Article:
System Dynamics: What, When, and How


System dynamics is a technique for business and policy simulation modeling based on feedback systems theory. It was invented in the late 1950s by Jay Forrester, a pioneer in engineering and computer design. Since then, SD has developed as its own field, distinct from the larger fields of operations research and management science to which it is related.

SD unites social and behavioral science with the nitty-gritty details of planning and accounting, and requires the careful design and construction of original models with many interacting variables.  Although SD modeling is technically demanding, the logic and results of a good SD model are neither esoteric nor hard for decision makers to understand.  And although SD models are sophisticated, they are also compact enough to run instantly on a laptop computer, permitting a whole series of alternative assumptions and scenarios to be tested quickly and thoroughly in interactive strategy development sessions.    


SD is used by organizations facing high-stakes decisions and seeking an integrated view of the major forces that can affect key outcomes years or decades into the future. It helps these organizations to better weigh the pros and cons of various options they have been considering or might consider. An integrated, strategic view is needed when the various options have multiple consequences in the short term and long term, including the reactions of all affected parties, and the reactions to those reactions.  In such cases, conventional planning approaches (e.g., using spreadsheets) fall short of what is needed to properly consider how things are likely to play out over time.  

SD modeling may show that an option that looks good at first glance may in fact be likely to hit roadblocks or resistance that negate its impact or even make things worse. It may also show that an option that initially looks weak or too costly is likely to become a winner as its good points build upon themselves and its limitations diminish. By looking at not only primary effects but also secondary and feedback effects, SD models can improve our ability to make smart choices that will stand the test of time.      


SD models are custom built to be of greatest value for the particular question at hand.  The modeler works closely with the client to determine what the key action and outcome variables are and at what level of detail they need to be represented. A useful model is one that considers all of the important variables but leaves out the extraneous ones.  It allows testing of all the current and possible decision options, even those that may be unusual but worth considering.  And it is built in close consultation with the client in steps, with the results of one step indicating what the next step should be.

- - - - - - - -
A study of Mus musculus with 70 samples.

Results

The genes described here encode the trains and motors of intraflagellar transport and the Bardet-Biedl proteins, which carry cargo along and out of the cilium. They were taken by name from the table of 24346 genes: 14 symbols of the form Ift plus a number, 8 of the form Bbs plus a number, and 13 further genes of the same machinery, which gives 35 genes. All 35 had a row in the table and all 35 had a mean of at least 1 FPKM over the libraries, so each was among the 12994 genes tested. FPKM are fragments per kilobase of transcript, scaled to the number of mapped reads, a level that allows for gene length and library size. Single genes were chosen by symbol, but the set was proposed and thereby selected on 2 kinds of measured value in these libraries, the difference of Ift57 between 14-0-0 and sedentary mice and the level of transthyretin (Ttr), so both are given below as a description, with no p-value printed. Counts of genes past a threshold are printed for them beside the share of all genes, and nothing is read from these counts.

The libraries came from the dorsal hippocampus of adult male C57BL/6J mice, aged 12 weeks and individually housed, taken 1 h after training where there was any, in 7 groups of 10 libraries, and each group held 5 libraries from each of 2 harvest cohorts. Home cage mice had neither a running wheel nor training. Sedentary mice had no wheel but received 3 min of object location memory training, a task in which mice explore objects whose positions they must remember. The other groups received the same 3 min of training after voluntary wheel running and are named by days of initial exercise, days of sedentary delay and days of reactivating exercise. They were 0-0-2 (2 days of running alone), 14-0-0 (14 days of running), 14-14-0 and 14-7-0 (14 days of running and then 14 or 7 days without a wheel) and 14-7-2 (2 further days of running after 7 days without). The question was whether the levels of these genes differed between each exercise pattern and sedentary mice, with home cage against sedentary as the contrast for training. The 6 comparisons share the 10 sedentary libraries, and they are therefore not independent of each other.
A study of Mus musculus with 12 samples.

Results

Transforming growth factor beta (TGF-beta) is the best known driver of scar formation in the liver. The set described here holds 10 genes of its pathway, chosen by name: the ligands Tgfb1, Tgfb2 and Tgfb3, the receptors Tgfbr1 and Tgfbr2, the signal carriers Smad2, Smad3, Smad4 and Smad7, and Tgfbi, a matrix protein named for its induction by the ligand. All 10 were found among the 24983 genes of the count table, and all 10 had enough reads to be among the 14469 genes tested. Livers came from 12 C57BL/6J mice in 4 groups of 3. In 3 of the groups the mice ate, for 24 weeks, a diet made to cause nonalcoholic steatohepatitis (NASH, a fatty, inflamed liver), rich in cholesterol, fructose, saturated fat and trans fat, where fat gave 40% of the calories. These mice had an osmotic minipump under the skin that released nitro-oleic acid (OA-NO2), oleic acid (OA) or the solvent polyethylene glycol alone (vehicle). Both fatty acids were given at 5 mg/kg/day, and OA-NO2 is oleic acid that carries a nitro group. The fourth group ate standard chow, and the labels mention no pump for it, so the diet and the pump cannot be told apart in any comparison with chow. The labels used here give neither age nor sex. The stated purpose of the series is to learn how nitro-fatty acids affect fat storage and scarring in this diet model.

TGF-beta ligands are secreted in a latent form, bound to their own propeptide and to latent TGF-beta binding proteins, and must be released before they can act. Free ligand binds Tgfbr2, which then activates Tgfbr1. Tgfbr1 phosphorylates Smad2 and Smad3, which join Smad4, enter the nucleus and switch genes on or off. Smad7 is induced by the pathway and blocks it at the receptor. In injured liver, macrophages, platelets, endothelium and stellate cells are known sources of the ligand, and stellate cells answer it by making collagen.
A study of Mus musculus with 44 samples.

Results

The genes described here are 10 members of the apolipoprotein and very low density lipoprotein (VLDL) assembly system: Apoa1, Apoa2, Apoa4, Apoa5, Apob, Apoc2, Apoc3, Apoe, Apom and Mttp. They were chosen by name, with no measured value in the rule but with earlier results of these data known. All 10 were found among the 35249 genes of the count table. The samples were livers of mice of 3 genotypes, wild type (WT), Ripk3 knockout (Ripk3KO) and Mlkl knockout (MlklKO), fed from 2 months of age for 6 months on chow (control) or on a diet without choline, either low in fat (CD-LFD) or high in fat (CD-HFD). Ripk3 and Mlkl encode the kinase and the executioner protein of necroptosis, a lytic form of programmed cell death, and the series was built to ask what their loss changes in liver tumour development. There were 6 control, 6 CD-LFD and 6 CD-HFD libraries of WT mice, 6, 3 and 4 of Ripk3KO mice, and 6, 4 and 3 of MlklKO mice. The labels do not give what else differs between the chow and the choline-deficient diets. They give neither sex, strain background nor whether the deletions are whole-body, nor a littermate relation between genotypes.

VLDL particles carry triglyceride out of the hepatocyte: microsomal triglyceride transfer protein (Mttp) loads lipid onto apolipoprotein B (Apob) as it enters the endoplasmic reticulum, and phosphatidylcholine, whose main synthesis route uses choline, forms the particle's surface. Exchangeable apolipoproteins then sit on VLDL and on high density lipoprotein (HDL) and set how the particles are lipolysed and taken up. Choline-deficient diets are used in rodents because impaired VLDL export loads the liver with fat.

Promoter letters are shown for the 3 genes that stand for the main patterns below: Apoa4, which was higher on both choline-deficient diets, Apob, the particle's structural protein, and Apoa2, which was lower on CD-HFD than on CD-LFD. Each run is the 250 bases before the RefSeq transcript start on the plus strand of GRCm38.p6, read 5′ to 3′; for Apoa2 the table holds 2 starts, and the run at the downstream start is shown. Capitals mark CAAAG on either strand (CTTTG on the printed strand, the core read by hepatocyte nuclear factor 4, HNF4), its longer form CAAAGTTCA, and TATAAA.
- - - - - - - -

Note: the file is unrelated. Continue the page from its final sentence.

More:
Although no model can look into the future with complete accuracy, some models are more reliable and trustworthy than others.  Reliable SD modeling requires science, craft, and diligence, and even small slips can compromise the results.  It is crucial to seek historical time series data for as many of the model's outcome variables as possible, and proper numerical estimates for as many of the model's input assumptions as possible.  A model must be encircled and saturated by such evidence to be considered trustworthy.

But most assumptions will have some level of uncertainty, which is why thorough sensitivity testing is important.  The purpose of such testing is to determine whether changes in assumptions, within their ranges of uncertainty, can affect conclusions regarding the relative impacts of strategic decisions.  The nature of dynamic systems is such that the uncertainty in most assumptions will not matter.  In the cases where it does matter, one may (a) look for additional existing data to reduce the uncertainty, (b) do more detailed modeling of the parameter in question, or (c) indicate that more research needs to be done on the parameter for a more definitive answer.